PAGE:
Throwback Thursday C&D Mach1 Review
This Thursday I did some quick digging on the interwebs and found another cool Car and Driver Mustang article. I love reading what people thought of what we consider legends today.
Outwardly a blend of dragster and Trans-Am sedan, the sum is far short of its parts.
- JAN 1970
- BY CAR AND DRIVER
- PHOTOGRAPHY BY BOB BENYAS
It may just be that this time the stylists I have done too good a job. Look at the Mustang Mach I and you expect miracles—drive it and they are not forthcoming. The pieces are there—most of them anyway—but the sum is far short of its parts.
Understand that we're not saying high speed is a new deal. Speed has been the thing with cars since the very first bucking, snorting horseless carriage appeared to change the ways of the world. If early, awkward devices were slow, at least the fenders were shaped like birds in flight and the radiator ornaments were windblown figurines. Who could forget the intuitively streamlined boat-tailed speedsters of the Twenties or the Chrysler Airflow of the Thirties or the GM fastbacks of the late Forties? Those were the happy, innocent days when a teardrop was the slipperiest thing going. Can you imagine telling Henry Ford that what the 999 really needed was a chopped off tail and a spoiler?
But now, in The Year of the Automobile 1969, your car can't even be clothed in semi-Edwardian fashion unless at least one end—and preferably both—has flaps. Enter the Mustang Mach I, fashionably spoiled at the rear and not lacking competition inspiration on any other part of its anatomy either.
Outwardly the Mach I is a blend of dragster and Trans-Am sedan. In a year when every manufacturer offers hood scoops, Ford outdoes them all with an AA/Fuel dragster-style bug-catcher sticking right out through a hole in the hood. Even more than that, it's only partially ersatz. The scoop is authentically shaped right down to the ribs that adorn its exterior, and since it really fastens to the top of the air cleaner, instead of the hood, it spends all of its waking hours vibrating hack and forth with engine motion just like the real thing. That's just a start. The hood—which is almost entirely flat black—is held down in front by locking pins in the true NASCAR/road-racer tradition and so the retainer pins don't disappear into the hands of the first sticky fingered collector to come along, they've been secured to the car with plastic-covered steel cables.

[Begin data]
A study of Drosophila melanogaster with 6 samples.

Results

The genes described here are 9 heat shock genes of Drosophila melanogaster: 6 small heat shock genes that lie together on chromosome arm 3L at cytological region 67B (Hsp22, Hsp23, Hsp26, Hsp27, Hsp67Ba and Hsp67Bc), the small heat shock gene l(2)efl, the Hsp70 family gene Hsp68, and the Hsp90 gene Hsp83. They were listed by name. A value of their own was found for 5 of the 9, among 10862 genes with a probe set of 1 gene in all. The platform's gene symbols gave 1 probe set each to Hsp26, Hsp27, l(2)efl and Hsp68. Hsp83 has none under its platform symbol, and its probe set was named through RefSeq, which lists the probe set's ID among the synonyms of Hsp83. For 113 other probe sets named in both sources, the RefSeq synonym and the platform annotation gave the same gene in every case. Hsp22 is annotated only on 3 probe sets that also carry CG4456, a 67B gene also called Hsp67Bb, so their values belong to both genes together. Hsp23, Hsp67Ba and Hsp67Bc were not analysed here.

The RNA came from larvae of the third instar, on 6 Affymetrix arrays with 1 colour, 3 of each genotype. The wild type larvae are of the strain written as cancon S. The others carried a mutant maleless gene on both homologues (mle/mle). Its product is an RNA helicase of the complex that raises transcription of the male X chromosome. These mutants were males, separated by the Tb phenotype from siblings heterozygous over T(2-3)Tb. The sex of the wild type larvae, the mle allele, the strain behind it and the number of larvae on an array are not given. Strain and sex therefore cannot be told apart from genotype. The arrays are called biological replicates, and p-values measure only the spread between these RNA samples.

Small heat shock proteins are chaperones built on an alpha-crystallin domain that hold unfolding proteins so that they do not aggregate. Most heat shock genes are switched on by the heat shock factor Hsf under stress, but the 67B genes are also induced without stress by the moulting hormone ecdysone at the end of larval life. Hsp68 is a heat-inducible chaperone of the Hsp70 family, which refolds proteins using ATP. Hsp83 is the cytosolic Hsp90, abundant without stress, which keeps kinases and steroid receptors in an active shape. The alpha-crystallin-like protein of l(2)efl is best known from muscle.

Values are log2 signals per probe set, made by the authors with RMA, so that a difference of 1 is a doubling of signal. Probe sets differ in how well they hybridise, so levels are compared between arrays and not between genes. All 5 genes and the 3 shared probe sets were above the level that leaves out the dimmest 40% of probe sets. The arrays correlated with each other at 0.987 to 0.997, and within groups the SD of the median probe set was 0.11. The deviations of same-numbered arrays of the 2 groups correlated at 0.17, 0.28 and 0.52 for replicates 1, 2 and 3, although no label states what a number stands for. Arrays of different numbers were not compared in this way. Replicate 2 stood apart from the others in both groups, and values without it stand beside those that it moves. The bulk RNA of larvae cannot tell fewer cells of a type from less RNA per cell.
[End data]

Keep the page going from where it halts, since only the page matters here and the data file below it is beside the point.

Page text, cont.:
Let no one hint that Dearborn stylists are revisionists when they assault the mirror problem, either. The outside rear-view mirrors are housed in body-colored fairings to cheat the wind. Scoops are always good things to have, even if they aren't functional, and that's justification enough for the mock air gobblers on the rear fenders just below the C-pillars.
From its pinned hood to its tape-striped spoiler, the Mach I is the 1969 edition of what Ford Motor Company stylists think you want in a specialty car. It still looks like a Mustang but it's the toughest one yet.
Since the basic Mustang shape has been a howling success in the market, you can't blame Ford for sticking with a winner. But you can blame it for excess. Since the long hood/short deck styling theme has been rewarding, more of the same should be even better, right? So for '69 the Mustang grew 3.8 inches—all ahead of the front wheels. Believe us, that is the last thing the Mustang needed. The test car with its 428 Cobra Jet engine has 2140 of its 3607 lbs. balanced on the front wheels and that's with a full gas tank. Fifty nine point three per cent of its weight on the front wheels. Double grim. Any rear-wheel-drive car would be hamstrung with that kind of weight distribution and the Mustang is no exception. It can't begin to put its power to the ground for acceleration. And, when it comes to handling, the most charitable thing to say is that the Mustang is all thumbs. Well, fetlocks anyway. We expect a lot from a package as bold as the Mach I—but it doesn't come through.
The big 428 Cobra Jet needs very little introduction to performance enthusiasts. However, shoehorning it into the engine room is a task with a difficulty-quotient exceeded only by changing the spark plugs once it's there. Conservatively rated at 335 hp at 5200 rpm it's the same prime mover that pushes NHRA super stock Mustangs through the quarter in the mid-11s with speeds in the 120-mph range. The 10.6 to 1 compression ratio combined with free-breathing cylinder heads, and an intake manifold topped by a 735 cubic-feet-per-minute Holley 4-bbl. carburetor, all allow the Cobra Jet to turn out an admirable quantity of energy in spite of its fairly long 3.98 inch stroke.
Torque is its most important product and torque is available on instant notice without having to climb high into the rpm scale. The standard dual exhaust system, which ends in two pairs of chrome tipped pipes under the rear bumper, allows the Cobra Jet to rumble in a fashion that puts its competition to shame. It's so loud at full throttle that we wonder how it will fare with the law in some of the more picayunish states like California and Pennsylvania.
With all of this—and a 3.91 axle ratio to hoot—the Mach I was pretty well prepared for the acceleration part of the test. That is to say it was all ready except for its built-in lack of traction. Even the F70 Goodyear Polyglas tires failed to help much and quarter-mile times suffered accordingly. Our best efforts resulted in a 14.3-second run at 100 mph but most runs were clustered around 14.4 seconds. Now this isn't slow—let there be no misunderstanding about that—but the potential of the big Cobra Jet doesn't really show up when you have to part-throttle most of the way through low gear. In this case the automatic transmission is clearly the most advantageous setup because it allows the driver better control of wheelspin. Even so, anyone wanting to get the most out of his Cobra Jet should think of big sticky tires as a necessity.